It’s been ten days since the frozen winter tears cried on our city and I’ve accepted the self-disappointing decision I made that day. In retrospect it was not as big or out of the extreme ordinary, but rather a reflection of the guilt and sorrow I live with knowing that I carved the line that divides my family; and how some of the decisions I make have the potential to hurt my children. (Albeit, every parent has the ability to negatively affect their children even with the most benign of choices, and that’s the difficult part. Children are pure and innocent like the clean veil of snow until the world litters it with all of their impurities. I will never know for sure if my kids would’ve been better off had I stayed in the marriage and kept our family bound. (Truthfully, when I’m being really honest with myself, I still would’ve made the same choice, I just like torturing myself with what if’s.). In reality, yes, they probably would’ve felt more stable in one home, and yes, I would love to say that I could’ve been swayed by fortune telling of brighter futures, but I wasn’t and I’ve accepted that part of myself. Mainly because I couldn’t imagine what sort of damages having a mother on lockdown could do, well that’s B.S., I do know and it’s vicious, and I want to feel alive for my children even if it means suffering them of something else.)
Obviously I’ve spent the past week trudging my way through my own undoing, by swinging the pendulum of punishment and reward. It’s craziness, this intense assortment of feelings I have concerning the kids since their father and I split. It feels like a high voltage emotional shock followed by an exhausted reprieve for me when I’m with them and tired or longing for them. I’ve been trying to figure out why the volume turned deafening, it’s because I was trying to drown out my guilt. I was over compensating for the lack of time with them by completely immersing myself in my role as “mom,” but to the point of overindulging and micro-parenting them, and in the process growing weary and impatient. It also occurred to me like frosting on cake that I’m a single parent when I have them, and I give my all to the inequality in numbers. I didn’t want to use that card before because it felt sticky like a cheat. I’ve changed my mind about that one and I’m owning it now and in doing so I’ve given myself a little room to stretch out in the “I’m doing the best I can” recliner, and I am, I mean it. (In the past I never blinked an eye about getting a babysitter or nanny when I was with their father and needed a break. Now that feeling of wanting time alone causes me such grief, but not so much that it goes away, so I’ve decided to figure out how to come to terms with it. I know that I can love my children with a primal fierceness, I know that I would die for them in an instant, but I can be separate from them and still want time to myself.)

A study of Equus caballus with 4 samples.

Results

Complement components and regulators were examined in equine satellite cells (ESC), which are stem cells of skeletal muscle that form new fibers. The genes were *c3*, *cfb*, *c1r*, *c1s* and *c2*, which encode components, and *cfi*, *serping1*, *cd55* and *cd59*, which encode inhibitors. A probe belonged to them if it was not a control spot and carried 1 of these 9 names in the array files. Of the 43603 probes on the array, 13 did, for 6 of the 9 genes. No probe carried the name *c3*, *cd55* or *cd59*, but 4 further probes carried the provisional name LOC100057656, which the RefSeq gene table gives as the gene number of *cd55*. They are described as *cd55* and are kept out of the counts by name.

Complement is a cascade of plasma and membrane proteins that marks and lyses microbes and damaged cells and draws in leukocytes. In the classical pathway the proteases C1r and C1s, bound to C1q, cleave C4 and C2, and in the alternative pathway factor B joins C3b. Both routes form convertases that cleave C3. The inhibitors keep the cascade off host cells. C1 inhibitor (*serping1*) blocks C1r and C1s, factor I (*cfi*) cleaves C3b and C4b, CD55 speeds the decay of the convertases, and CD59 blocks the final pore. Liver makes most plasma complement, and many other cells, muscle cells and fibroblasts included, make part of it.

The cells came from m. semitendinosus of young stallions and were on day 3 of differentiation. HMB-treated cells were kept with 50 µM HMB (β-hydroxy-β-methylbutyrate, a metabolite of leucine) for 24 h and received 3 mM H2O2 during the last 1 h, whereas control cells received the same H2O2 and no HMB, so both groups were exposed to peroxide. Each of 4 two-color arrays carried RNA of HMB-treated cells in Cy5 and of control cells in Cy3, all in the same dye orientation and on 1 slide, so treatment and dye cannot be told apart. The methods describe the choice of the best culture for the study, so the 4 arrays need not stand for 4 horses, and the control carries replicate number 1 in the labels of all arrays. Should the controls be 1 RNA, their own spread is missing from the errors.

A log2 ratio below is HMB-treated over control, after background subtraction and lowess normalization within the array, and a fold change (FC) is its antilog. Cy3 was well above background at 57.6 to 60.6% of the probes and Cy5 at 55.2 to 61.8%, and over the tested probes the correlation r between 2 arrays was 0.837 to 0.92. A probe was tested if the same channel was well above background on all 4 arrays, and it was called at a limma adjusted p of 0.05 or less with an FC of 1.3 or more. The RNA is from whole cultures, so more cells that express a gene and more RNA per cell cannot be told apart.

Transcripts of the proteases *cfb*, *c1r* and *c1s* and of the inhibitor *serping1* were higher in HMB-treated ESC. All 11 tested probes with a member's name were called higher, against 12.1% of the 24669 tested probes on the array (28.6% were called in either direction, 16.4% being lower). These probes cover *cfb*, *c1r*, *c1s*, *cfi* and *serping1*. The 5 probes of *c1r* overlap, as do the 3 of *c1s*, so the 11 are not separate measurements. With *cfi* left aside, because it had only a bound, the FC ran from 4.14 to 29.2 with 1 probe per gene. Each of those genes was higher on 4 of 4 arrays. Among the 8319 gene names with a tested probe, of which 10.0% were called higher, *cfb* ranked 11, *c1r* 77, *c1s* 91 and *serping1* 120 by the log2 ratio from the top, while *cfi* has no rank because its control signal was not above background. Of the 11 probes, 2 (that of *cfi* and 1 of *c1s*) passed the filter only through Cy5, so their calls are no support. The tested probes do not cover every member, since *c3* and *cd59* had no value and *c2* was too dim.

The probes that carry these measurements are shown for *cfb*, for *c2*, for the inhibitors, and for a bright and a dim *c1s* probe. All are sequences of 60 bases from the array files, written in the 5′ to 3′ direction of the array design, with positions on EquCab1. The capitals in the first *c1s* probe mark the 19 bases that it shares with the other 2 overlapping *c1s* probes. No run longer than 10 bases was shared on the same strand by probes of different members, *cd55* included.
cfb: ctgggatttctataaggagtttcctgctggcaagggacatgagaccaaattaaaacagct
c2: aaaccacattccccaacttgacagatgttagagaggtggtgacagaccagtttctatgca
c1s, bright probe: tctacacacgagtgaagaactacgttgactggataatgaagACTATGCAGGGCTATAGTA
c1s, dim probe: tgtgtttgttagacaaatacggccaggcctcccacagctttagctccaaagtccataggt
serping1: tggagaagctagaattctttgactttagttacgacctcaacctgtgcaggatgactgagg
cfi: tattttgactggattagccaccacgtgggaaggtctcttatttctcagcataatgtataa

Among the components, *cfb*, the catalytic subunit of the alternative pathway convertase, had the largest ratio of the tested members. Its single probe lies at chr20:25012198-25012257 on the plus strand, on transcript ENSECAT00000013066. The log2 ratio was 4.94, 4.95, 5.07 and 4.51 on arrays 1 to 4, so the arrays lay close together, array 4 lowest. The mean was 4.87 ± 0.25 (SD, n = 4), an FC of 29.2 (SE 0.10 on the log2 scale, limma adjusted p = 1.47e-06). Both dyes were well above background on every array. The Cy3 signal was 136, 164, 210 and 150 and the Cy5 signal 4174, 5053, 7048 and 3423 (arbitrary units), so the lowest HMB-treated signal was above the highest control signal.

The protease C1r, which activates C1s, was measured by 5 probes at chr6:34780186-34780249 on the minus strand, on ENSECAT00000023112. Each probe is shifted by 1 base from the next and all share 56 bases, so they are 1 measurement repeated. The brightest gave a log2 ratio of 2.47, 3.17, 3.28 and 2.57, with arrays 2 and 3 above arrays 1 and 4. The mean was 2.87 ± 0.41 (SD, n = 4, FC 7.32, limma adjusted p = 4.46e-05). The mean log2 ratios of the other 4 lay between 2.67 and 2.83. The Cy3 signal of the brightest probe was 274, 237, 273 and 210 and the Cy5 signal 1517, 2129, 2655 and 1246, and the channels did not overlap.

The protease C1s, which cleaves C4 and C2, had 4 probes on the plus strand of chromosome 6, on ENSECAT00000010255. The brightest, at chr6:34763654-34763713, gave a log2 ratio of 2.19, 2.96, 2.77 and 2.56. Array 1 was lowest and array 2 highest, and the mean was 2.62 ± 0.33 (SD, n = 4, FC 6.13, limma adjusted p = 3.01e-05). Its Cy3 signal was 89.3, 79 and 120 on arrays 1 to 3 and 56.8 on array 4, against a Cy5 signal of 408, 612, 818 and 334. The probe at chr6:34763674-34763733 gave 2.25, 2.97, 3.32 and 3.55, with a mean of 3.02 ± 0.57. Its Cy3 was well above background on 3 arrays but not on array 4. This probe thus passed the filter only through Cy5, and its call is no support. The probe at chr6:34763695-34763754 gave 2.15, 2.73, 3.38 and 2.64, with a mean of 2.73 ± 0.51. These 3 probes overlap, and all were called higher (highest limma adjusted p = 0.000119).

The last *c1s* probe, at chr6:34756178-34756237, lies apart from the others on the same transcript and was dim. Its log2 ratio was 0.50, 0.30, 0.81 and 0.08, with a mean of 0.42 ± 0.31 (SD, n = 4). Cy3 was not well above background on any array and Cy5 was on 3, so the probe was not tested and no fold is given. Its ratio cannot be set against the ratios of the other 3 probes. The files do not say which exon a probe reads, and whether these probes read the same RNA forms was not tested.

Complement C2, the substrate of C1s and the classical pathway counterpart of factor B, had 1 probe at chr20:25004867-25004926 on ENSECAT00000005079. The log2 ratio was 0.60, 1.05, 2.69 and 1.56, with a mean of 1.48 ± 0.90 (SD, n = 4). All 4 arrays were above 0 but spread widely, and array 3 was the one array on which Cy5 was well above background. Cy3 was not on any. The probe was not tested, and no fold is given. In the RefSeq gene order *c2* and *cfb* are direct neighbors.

On the first day after the soft drift of white flakes, followed by a pelting of sky skipping hail I loaded the kids up in the car and took them to their dads. (That statement is what I couldn’t say last week.) I felt guilty about wanting a break so much that I risked driving them in the snow to get it. I don’t feel bad about it anymore. I needed the time to pack and to prepare for the scheduled move I had coming up a few days later (And a closing eleven days later.) During one of my mental tournaments I scored when I let myself feel the sorrow in the tragedy of moving from our family home, and beyond the final chapter of that part of our life.
I didn’t know it was going to help, nor did I know that calling Jack would be the impetus for feeling the bitter sweet, yet deep sadness accompanying the move. I called him as I was pulling out of the U-Haul parking lot. I had my right hand on the grip of the oversized cheese wheel of the “mom’s attic” truck. I couldn’t help but laugh at myself. (I bet you are too! That’s right, I moved with a U-Haul and I saved a lot of money, and gained a lot more. I spent a few weekends with family and friends organizing, packing, moving, hauling boxes, schlepping, carting, unpacking, and putting furniture together. Now I’m sitting pretty in the tree house, admiring how the nest came together.) In any event, back to my story, he picked up the phone and I said, “Guess what I’m doing? Moving!” Those lines are from an inside joke between us. Eleven years ago I met Jack in NYC. A month or two after we met I was riding in the back of a cab with my suitcases (with Eastern Airline tags) and he called me and asked what I was doing. I said, “I’m moving!” He laughed because he knew I had to be in a cab with all my bags because I didn’t have much else. (That story still brings a smile to my face. I think the streets were covered in black ice then too.) After we laughed for a minute I told him that I was grateful for the ten years I’d spent with him and that we’d had a lot of fun. He taught me so much about myself, like how to be grounded, and how to trust, and how not to take life so seriously. I wanted someone to have kids with who would compliment my fickle and airy ways. We agreed that the best things that came out of our coupling were our kids and none of it was a mistake. We were right where we were supposed to be and we still have what matters, our children. He’s the one I turn too when I need to be reassured that I’m a good mom. That says a lot about both of us. I’m learning to trust myself.